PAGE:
Blogger/political strategist files ethics complaint against Supreme Court justices

An ethics complaint has been filed with the state Board of Judicial Conduct against three sitting state Supreme Court justices who are running for new terms in the Aug. 7 retention election.

Basically, it accuses Justices Cornelia Clark, Sharon Lee and Gary Wade of violating a judicial conduct rule against endorsing candidates – contending, more or less, that they have endorsed each other, at least implicitly, by campaigning together and appearing in pictures together.

Further, they are accused of violating a rule against using court facilities in campaigns, a reference to pictures of the Supreme Court building on campaign websites, taping a TV interview there and the like. And the complaint describes Keep Tennessee’s Supreme Court Fair, which a spokeswoman for the justices has described as an informal group working with the three judges’ individual campaigns, as “an unauthorized political organization” that runs afoul of other rules.

The complaint with attached exhibits, runs 106 pages, and was filed by George Scoville, who WTVF-TV’s Phil Williams bills as “a self-described political and media strategist” in a report on the filing. (Note: Full text HERE.)

Part of Scoville’s complaint, Williams notes,
faults the justice for allowing NewsChannel 5 into the Supreme Court chambers to shoot video about the plan to attack them. And he argues they should not have sat down together for a joint interview with NewsChannel 5, saying it created the appearance they were endorsing each other.

NewsChannel 5 reached out to Scoville, who would not identify his clients.

“I’m sorry, but I have strict confidentiality agreements with my clients, who are in the Washington, DC area,” Scoville said in an email. “I can say, however, that I am not currently servicing any clients related to any election for any public office at any level of government.”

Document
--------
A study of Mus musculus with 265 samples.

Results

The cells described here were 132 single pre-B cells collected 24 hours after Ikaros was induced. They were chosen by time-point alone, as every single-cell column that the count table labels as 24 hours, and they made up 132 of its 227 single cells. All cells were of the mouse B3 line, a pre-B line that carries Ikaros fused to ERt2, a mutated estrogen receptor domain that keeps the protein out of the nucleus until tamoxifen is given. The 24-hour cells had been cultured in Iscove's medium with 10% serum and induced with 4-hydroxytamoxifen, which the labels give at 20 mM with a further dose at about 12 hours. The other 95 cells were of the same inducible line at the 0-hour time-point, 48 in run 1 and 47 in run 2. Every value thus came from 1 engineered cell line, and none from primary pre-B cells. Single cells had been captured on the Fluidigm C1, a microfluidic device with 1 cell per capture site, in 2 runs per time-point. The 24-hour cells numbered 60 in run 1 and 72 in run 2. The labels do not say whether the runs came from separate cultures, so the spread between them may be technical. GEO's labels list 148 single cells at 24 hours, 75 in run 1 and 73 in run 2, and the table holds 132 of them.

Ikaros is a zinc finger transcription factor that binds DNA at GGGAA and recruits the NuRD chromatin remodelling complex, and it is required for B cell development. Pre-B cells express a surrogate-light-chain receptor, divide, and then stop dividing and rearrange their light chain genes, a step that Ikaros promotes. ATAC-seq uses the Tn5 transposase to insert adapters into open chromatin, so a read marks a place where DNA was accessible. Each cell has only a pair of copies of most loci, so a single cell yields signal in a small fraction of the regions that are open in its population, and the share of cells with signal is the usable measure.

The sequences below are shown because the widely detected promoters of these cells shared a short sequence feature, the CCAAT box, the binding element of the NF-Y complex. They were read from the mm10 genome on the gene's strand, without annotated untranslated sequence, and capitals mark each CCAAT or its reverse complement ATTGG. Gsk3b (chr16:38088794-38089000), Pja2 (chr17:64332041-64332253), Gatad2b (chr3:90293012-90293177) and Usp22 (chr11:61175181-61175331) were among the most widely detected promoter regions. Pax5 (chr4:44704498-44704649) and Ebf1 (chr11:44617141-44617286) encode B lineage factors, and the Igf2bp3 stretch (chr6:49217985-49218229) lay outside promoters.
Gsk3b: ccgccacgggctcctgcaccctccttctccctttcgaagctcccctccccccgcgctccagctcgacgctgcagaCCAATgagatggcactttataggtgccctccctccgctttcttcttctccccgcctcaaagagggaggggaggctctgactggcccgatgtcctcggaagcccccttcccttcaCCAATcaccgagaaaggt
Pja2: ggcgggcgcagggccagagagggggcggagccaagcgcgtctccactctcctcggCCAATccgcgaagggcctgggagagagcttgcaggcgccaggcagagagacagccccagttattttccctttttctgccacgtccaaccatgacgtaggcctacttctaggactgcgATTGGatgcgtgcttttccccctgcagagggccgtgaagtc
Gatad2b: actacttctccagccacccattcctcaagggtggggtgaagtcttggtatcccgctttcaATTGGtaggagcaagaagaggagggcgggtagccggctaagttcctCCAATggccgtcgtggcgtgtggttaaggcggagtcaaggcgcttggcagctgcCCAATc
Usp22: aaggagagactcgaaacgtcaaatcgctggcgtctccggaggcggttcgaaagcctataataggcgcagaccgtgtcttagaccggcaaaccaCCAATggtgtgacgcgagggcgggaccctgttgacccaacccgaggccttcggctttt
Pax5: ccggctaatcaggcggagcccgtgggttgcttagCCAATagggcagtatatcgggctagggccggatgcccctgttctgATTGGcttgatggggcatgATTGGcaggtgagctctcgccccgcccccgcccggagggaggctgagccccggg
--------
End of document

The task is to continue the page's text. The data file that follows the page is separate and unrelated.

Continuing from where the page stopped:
Under Board of Judicial Conduct rules, all complaints against judges are treated as confidential. But in this case, the complaintant — Scoville — has made his filing public.

Scoville also has a blog post on the compliant, HERE. An excerpt:

Tennessee Supreme Court Chief Justice Wade and Justices Clark and Lee have been using Court facilities and resources for campaign purposes. They have all appeared in public together, interceding into each others’ campaigns, a form of public endorsement of each other. They have also failed to stop each other from certain electioneering behaviors, which the Tennessee Supreme Court’s ethical canon compels them to do. While they are allowed to form their own campaign committees, and are prohibited themselves from directly soliciting donations from individuals, they have together been raising money through, and have paid monies for campaign services to, Keep Tennessee’s Supreme Court Fair, a secretive, unauthorized political organization. They and this organization have made repeated public overtures to the need to protect the independence of the judiciary, yet all three justices were appointed by a Democratic former governor of the state, and two of the three voted to appoint Tennessee’s Democratic attorney general. That Democratic attorney general is on record saying that controlling the partisan composition of the Court and the Office of the Attorney General has been a project of Democratic Party politics in Tennessee since the early 1970s. Keep Tennessee’s Supreme Court Fair is an organization run and staffed exclusively by Democrats and is using campaign vendors in the Washington, DC area who cater to Democrats exclusively. So when Chief Justice Wade and Justices Clark and Lee claim that they are campaigning to protect the judiciary’s independence, they are knowingly making false statements and misleading voters.